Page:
A Chinese Coffee Cup, decorated in London, circa 1745-50

Upon its arrival in London, this early Qianlong coffee cup bore only a simple Chinese landscape pattern painted in underglaze blue. Soon after, it was decorated with a man wearing a red frock coat, black stockings and a black hat, surrounded by trees, towers and small sailing boats. This so-called Man-in-a-Red-Coat pattern is based on Chinese versions of Meissen merchant and harbour scenes of the 1720s and 1730s. The double scroll handle form occurs on Bow porcelain of the early 1750s.

According to rate records for the Parish of St James, Piccadilly, James Giles occupied the same premises in Berwick Street, Soho from 1743 until 1778. The enamel and gilt decoration represents the early work of Giles on Chinese blue and white porcelain, the towers with fluttering pennants, trees with dotted blossom, ‘stratified’ rocks, and magenta clouds all being signifiers of his studio from this early period. The enamel and gilt design variously obscures and reveals the underglaze blue pattern, as can be seen with the newly gilt-roofed original pavilion beside the ‘invented’ tower.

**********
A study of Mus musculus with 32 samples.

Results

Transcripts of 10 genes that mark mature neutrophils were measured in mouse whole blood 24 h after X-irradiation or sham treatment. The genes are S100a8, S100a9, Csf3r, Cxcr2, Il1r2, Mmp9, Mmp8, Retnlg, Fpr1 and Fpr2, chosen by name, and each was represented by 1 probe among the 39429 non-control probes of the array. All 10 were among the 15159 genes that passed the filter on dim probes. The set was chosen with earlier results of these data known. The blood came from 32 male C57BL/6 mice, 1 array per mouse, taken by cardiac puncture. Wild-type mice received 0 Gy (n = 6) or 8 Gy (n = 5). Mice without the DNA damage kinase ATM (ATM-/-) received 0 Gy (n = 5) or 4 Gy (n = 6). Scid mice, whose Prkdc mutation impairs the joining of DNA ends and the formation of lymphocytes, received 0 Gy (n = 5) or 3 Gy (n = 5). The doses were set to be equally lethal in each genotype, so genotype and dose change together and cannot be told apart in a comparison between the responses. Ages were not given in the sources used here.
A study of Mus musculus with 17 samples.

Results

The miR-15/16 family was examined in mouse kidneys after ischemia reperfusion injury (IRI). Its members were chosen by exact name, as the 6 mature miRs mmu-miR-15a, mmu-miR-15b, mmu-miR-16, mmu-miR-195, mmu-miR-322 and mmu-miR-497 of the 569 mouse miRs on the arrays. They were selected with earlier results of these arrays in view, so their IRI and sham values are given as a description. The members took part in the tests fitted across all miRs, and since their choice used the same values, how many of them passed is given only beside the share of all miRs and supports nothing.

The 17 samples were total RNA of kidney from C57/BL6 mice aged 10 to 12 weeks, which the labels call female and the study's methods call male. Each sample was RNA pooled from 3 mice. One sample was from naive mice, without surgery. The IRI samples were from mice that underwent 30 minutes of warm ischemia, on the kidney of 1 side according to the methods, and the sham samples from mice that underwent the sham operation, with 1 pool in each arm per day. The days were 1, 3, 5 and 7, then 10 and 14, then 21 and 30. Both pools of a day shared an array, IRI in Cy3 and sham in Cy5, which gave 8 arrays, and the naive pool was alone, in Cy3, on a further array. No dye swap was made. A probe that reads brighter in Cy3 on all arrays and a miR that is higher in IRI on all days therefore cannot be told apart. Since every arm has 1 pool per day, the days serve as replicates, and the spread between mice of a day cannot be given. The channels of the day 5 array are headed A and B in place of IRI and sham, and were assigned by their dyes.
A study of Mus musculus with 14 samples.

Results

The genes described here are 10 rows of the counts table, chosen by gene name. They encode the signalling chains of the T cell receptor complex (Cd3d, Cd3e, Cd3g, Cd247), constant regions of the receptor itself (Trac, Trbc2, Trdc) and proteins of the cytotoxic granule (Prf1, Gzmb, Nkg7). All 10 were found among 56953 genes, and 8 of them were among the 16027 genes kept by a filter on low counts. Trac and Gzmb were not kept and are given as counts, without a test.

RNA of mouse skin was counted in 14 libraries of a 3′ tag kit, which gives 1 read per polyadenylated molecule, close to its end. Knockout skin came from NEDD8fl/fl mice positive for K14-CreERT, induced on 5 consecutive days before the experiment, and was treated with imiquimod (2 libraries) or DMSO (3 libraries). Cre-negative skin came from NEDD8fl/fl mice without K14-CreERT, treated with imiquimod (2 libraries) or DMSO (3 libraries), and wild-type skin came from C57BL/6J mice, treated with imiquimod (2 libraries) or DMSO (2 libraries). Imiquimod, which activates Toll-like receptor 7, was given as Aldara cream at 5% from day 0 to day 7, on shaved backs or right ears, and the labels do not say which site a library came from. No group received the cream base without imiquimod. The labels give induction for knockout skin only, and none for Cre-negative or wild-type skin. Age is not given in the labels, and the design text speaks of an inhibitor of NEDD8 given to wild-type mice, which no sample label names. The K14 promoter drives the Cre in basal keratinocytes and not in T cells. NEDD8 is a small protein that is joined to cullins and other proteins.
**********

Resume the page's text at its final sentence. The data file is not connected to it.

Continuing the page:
Similar decoration appears on Limehouse porcelain of the 1740s.

Condition: There is a minor slither missing from the foot rim, and typical Qianlong potting flaws, such as the kiln grit to the interior of the cup which the artist has cleverly disguised. No other damage and no restoration. The Giles decoration is in excellent order.

Dimensions: Height approximately 6.4 cm

The Early James Giles and his Contemporary London Decorators, Stephen Hanscombe (Stockspring Antiques Publications, 2008).

European Decoration on Oriental Porcelain, 1700-1830, Helen Espir (Jorge Welsh Books, 2005).

The Watney Collection of Chinese Porcelain Decorated in Holland and England (Bonhams, 2003).